We’ve all heard it before: Social media is important for sales. But specifically, Instagram — with its focus on high-quality images and the aesthetic side of marketing — can take your product to new heights, if used correctly.
In fact, research compiled by Our Social Times discovered that engagement with brand posts from consumers is increasing at a rate faster than that at which brands are creating Instagram accounts. According to Sprout Social, the presence of brands on Instagram is up by 71 percent from last year, and as a result, 86 percent of all existing brands are now on the platform.
With 67 percent of all adults between the ages of 18 and 29 maintaining IG profiles and the number of users growing daily, Instagram marketing is a not-so-secret weapon for getting high-quality visuals and descriptions of benefits in front of target consumers.
Here are three key tips for harnessing its product-pushing powers:
1. Make products “shoppable”
One of the many reasons companies adore Instagram for marketing purposes is because of its “shop” feature. Say there’s a high-quality, multi-colored visual of a man wearing an attractive pair of running shoes. If an Instagram user wants to see how much the shoes cost or order them, the “shop” function in the photo permits this via a shopping-bag icon that converts to the title of the item and the price with a single click. That same icon can also directly take an Instagram user to the website where they can purchase the product.
Feature your products in stunning, brightly lit images as much as possible, and make sure to use a business account to take full advantage of the “shop” feature by tagging items in the photo when posting them. The success rate of this feature, of course, depends on a number of variables, but brands have reported sizable increases in product traffic, according to BigCommerce.
One such example is Native Union, a tech accessories company that reported a 100 percent increase in revenue from Instagram and a 2,662 percent increase in traffic from Instagram after only nine posts with the “shop” feature.
Another company featured in the same BigCommerce report, Spearmint LOVE, recommends taking to Instagram Stories to announce that your page is now using the “shop” feature with a brief consumer tutorial.
2. Experiment with different creative advertising tactics
Different creative tactics work well for different brands. Finding what works best for your brand on Instagram will take some trial and error, but seek to outperform yourself creatively.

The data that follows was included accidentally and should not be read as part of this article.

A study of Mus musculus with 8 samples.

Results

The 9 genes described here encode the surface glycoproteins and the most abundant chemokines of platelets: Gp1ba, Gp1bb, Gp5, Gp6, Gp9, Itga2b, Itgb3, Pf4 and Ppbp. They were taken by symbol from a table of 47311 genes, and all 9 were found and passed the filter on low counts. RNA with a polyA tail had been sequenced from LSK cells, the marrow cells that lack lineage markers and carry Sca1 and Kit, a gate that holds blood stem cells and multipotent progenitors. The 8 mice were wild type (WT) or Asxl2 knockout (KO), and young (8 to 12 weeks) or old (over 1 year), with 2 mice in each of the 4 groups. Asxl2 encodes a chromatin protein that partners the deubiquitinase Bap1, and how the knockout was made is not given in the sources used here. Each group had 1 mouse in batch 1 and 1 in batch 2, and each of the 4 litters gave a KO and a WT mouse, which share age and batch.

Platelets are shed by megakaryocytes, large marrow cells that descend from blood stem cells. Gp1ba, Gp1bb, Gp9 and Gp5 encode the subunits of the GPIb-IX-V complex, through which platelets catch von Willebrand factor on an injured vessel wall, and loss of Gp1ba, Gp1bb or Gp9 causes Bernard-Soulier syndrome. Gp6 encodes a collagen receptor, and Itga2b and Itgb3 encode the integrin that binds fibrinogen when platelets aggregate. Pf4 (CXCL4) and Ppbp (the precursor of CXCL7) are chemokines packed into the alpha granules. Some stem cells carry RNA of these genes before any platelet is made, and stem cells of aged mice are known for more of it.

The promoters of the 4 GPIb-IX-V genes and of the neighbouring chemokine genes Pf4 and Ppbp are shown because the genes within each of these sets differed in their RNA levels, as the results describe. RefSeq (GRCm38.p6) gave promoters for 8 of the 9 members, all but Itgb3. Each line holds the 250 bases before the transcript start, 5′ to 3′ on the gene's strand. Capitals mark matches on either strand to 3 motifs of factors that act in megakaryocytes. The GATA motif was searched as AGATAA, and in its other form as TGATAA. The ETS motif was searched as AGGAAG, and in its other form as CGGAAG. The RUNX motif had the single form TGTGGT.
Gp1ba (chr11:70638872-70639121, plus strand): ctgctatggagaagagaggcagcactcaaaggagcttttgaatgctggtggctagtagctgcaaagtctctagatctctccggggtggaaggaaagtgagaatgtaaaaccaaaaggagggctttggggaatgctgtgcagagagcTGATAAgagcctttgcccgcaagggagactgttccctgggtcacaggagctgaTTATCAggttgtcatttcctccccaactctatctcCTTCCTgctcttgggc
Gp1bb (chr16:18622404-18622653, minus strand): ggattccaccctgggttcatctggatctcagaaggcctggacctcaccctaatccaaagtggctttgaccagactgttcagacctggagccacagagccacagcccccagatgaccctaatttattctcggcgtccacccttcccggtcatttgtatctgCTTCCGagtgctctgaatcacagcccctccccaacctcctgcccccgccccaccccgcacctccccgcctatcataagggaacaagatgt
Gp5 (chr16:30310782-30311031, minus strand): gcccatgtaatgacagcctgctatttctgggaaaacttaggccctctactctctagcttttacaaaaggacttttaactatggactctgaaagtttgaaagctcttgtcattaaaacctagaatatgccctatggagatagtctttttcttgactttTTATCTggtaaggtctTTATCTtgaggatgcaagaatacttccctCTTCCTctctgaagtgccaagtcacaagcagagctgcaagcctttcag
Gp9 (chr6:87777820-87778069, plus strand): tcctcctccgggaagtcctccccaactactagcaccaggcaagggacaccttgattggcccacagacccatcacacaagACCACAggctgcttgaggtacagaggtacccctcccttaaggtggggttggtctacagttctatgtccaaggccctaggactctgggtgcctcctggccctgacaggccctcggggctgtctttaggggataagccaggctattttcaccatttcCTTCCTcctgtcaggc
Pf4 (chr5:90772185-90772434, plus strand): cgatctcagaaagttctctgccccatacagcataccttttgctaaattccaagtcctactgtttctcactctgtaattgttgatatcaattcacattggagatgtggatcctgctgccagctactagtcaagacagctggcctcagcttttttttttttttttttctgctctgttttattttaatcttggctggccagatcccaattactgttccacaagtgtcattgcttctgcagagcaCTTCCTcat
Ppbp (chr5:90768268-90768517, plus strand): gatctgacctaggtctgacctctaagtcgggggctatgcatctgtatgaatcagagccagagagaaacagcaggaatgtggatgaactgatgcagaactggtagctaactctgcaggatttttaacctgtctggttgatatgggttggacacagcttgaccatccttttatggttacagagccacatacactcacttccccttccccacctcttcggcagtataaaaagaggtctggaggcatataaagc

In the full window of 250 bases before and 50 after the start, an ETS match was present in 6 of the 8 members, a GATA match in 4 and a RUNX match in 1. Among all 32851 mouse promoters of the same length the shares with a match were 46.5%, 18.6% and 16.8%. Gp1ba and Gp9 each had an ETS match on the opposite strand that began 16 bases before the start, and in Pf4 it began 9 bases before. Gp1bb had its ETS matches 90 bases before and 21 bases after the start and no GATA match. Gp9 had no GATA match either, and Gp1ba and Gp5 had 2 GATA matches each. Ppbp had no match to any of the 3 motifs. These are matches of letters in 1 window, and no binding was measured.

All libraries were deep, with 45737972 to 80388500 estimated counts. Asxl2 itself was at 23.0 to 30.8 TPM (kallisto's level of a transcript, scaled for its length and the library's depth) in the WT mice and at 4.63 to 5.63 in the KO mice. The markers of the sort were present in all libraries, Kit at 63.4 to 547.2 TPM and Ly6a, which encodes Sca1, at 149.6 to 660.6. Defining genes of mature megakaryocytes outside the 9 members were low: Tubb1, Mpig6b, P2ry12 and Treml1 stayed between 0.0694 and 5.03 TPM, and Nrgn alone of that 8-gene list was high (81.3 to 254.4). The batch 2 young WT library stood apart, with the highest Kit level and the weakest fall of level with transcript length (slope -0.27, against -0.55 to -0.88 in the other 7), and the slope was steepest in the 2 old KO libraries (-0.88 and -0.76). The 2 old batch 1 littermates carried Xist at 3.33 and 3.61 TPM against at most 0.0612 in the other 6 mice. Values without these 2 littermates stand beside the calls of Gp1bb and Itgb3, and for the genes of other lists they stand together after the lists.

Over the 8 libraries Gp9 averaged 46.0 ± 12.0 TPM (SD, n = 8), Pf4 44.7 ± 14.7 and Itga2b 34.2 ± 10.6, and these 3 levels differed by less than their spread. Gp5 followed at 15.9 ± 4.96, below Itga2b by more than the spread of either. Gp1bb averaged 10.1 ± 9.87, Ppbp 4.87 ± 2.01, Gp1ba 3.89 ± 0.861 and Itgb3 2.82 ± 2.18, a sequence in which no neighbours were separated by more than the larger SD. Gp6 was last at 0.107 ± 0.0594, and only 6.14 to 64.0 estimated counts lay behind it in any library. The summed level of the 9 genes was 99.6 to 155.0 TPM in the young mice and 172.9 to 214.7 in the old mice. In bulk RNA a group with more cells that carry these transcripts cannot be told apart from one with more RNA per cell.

Ryan Bartlett is the founder of True Classic Tees, an apparel company focused on offering the perfect plain T-shirt to consumers. Bartlett swears by Instagram and advises other product-focused companies to test at least 10 to 15 new types of creative advertising each month.
“Use a combination of video ads, testimonial ads and carousel ads,” he suggests. “If you can’t get video, photos still work great. Some of our best-performing ads are single-image ads which I never would have anticipated.”
In other words: Try a little bit of everything, assess analytics, then tweak and try again. And at the end of each month, conduct an analytics-assessment meeting with your team to determine which types of ads performed best. Then, create more content similar to these high-performers.
3. Show how to use your product
As long as you’re experimenting creatively, consider creating videos featuring your product in some way. For example, if your product requires some type of tutorial to use or understand (even a simple one), create engaging, well-lit video guides.
A big-name company that does a great job of this on Instagram is Lowe’s. In addition to the ocassional how-to, they also use visuals demonstrate how a home can quickly be improved with their products, such as a time-lapse displaying a house lit up with Christmas lights or a quick video showing the revamp of a porch, including the addition of rocking chairs, throw pillows and a new doormat.
These visuals spark ideas in consumers’ heads that take them past needing something and into genuinely wanting it. Use your business’ Instagram account to (ethically) build the desire to purchase in your audience.
Show consumers the ideal of how your product is used and what it can do for them — how it can improve the current quality of their lives. Even if purchasing your company’s new teapot set isn’t a current need, a short video presenting the reality of a cozy weekend — complete with your teapot set playing an important role, of course — can be all that’s needed to make a purchase happen.
Now’s the time….
The continuous implementation of the “shop” feature, experimentation with different ads to invoke action and showing consumers the use of your products will contribute to increased traffic from your Instagram account to your company’s website.
Get creative and have fun with this! This not-so-secret weapon will continue to come in handy as you diversify your product line, introduce new launches and demonstrate new, exciting uses as the year progresses.